Our focus for this episode begins with Marshall’s Washington Post op-ed summarizing a year of investigative reporting that revealed a staggering amount of supplies and drugs are simply thrown away. See additional links below the episode summary.

Pro Publica investigative reporter Marshall Allen, who spent a year investigating and reporting, "Wasted Medicine."

2:40 – Why the passionate interest in health and patient safety? There are “quite a few parallels between ministry and journalism.” (Marshall has a master’s degree in theology). Journalists also have “a desire to help people to make the world a better place. We tend to be an idealistic bunch of people.

5:10 – The Washington Post piece summarizes the “Wasted Medicine” reports, noting “all the money that we pour into our medical system that just gets squandered.” The Institute of Medicine reported in 2012 that the healthcare industry wastes $765 billion a year. “That’s bigger than the entire budget of the Department of Defense.”

10:24 – “The cost keeps rising, rising and rising.” More than cost of living and inflation rates. Employers and patients are spending more today than 10, 15, 20 years ago. “We’d have much more money in our pockets now if the cost of healthcare hadn’t continued to rise.”

11:20 – The series has sparked proposed laws to address the “brand-new, unexpired medicines” that nursing homes throw away if the the patient passes away or leaves the facility.

13:07 – Proposed Congressional action is also in the works related to a pair of issues Marshall uncovered: the size of eye drops (they’re too big, like “money running down your cheek”) and the waste from over-sized, single-use cancer drug vials (an estimated 10 percent of each infusion is wasted). Marshall: “I’m always looking at it from the patient’s point of view.” While getting treated for cancer, a patient is also being billed for wasted med.

19:13 - “Panic and paralysis … The issue is so enormous that you just kind of freeze. Sometimes people think they need to do everything at once … it can be overwhelming about what to do.” 20:55 - “the hc industry doesn’t have an entitlement to our money.”

23:00 – “The public is kind of at a breaking point. This is unsustainable.” These are “clear examples of waste. They’re not disputable.”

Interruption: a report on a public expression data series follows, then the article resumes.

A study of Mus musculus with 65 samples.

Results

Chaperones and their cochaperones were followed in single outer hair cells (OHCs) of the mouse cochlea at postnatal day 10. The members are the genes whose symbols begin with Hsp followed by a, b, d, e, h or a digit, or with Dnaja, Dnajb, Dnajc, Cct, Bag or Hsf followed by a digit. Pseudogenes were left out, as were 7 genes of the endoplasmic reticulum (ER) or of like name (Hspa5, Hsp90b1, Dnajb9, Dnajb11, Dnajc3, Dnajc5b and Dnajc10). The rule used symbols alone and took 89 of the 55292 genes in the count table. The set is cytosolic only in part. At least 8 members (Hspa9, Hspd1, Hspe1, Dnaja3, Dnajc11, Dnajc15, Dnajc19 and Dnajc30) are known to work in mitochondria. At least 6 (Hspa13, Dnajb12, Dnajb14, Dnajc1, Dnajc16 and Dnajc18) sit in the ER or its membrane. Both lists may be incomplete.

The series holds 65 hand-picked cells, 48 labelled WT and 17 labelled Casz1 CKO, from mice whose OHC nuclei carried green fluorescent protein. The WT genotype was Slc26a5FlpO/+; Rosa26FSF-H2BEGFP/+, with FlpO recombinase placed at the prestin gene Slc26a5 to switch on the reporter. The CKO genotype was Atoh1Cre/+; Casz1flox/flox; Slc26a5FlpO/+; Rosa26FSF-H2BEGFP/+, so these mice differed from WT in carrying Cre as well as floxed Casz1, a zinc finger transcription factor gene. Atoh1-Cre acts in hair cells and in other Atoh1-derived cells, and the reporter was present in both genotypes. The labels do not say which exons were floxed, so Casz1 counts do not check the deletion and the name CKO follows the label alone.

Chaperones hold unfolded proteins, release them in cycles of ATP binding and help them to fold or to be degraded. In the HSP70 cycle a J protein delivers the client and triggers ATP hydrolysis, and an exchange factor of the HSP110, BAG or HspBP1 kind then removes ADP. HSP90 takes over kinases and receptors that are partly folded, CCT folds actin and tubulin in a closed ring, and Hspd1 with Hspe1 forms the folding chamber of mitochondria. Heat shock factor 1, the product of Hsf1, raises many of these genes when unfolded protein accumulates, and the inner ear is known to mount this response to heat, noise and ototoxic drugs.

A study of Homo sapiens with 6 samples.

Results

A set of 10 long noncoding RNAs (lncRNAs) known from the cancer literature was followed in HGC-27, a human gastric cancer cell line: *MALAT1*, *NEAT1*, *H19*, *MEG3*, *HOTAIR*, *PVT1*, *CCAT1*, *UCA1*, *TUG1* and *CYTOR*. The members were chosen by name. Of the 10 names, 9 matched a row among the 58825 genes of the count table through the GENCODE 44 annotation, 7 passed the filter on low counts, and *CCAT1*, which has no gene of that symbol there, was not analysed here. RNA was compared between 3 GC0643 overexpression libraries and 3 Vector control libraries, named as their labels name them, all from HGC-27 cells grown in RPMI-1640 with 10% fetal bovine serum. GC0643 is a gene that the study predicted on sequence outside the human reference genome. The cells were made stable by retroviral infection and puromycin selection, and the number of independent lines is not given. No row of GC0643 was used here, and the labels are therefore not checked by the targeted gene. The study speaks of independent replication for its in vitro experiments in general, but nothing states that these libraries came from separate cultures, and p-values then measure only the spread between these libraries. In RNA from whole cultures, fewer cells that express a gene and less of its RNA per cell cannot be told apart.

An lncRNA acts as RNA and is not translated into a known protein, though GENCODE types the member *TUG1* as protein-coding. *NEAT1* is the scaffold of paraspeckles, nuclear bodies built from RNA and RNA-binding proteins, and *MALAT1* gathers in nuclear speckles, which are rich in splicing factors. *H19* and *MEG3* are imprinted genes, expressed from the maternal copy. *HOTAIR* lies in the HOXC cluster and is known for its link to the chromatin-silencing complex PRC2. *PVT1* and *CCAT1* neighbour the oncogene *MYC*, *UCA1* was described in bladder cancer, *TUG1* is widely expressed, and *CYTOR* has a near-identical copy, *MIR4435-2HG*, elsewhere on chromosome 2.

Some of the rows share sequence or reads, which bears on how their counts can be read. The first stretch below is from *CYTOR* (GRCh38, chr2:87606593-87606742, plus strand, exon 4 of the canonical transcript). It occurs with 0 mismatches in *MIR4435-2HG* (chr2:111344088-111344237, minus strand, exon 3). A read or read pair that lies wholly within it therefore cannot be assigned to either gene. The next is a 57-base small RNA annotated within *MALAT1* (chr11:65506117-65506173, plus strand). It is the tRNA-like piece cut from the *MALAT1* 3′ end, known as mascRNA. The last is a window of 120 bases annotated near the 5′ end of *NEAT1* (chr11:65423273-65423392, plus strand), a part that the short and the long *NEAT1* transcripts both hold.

27:05 – Drug expiration dates don’t always mean what we think they mean. “What are you supposed to do with your drugs when they expire?” A Boston pharmacist has to “throw away piles of drugs” every month because of expiration dates, although he questions the legitimacy of expiration dates.

33:00 – Marshall’s next project: The health insurance industry. He’s calling on listeners to help, and it’s an issue that touches us all. At least 10 percent of each family’s income is spent on health insurance, “at a minimum.” “I’m just trying to learn as much as a I can about health insurance, how the business works, and where the right story might be.” Contact Marshall at Mashall.allen@propublica.com. “If anybody would like to contact me, I would welcome that.”

MORE ABOUT MARSHALL.

Marshall Allen investigates why we pay so much for health care in the United States and get so little in return. He also moderates the ProPublica Patient Safety Facebook group, a vibrant online forum about the quality of care. Find Marshall’s complete ProPublica profile, email address and phone number here.

Additional links we recommend:

  • “What Hospitals Waste,” the first of Marshall’s reports for ProPublica.
  • Marshall’s Pulitzer-finalist series, Do No Harm, from his work at the Las Vegas Sun.
  • Intrigued about the process and research for producing “Do No Harm?” Here’s how Marshall Allen and Alex Richards turned data into Web gold.
  • What’s Marshall up to next? Health insurance is big and complicated. Help us understand it. An invitation to hear from people who have expertise in some facet of the health insurance industry.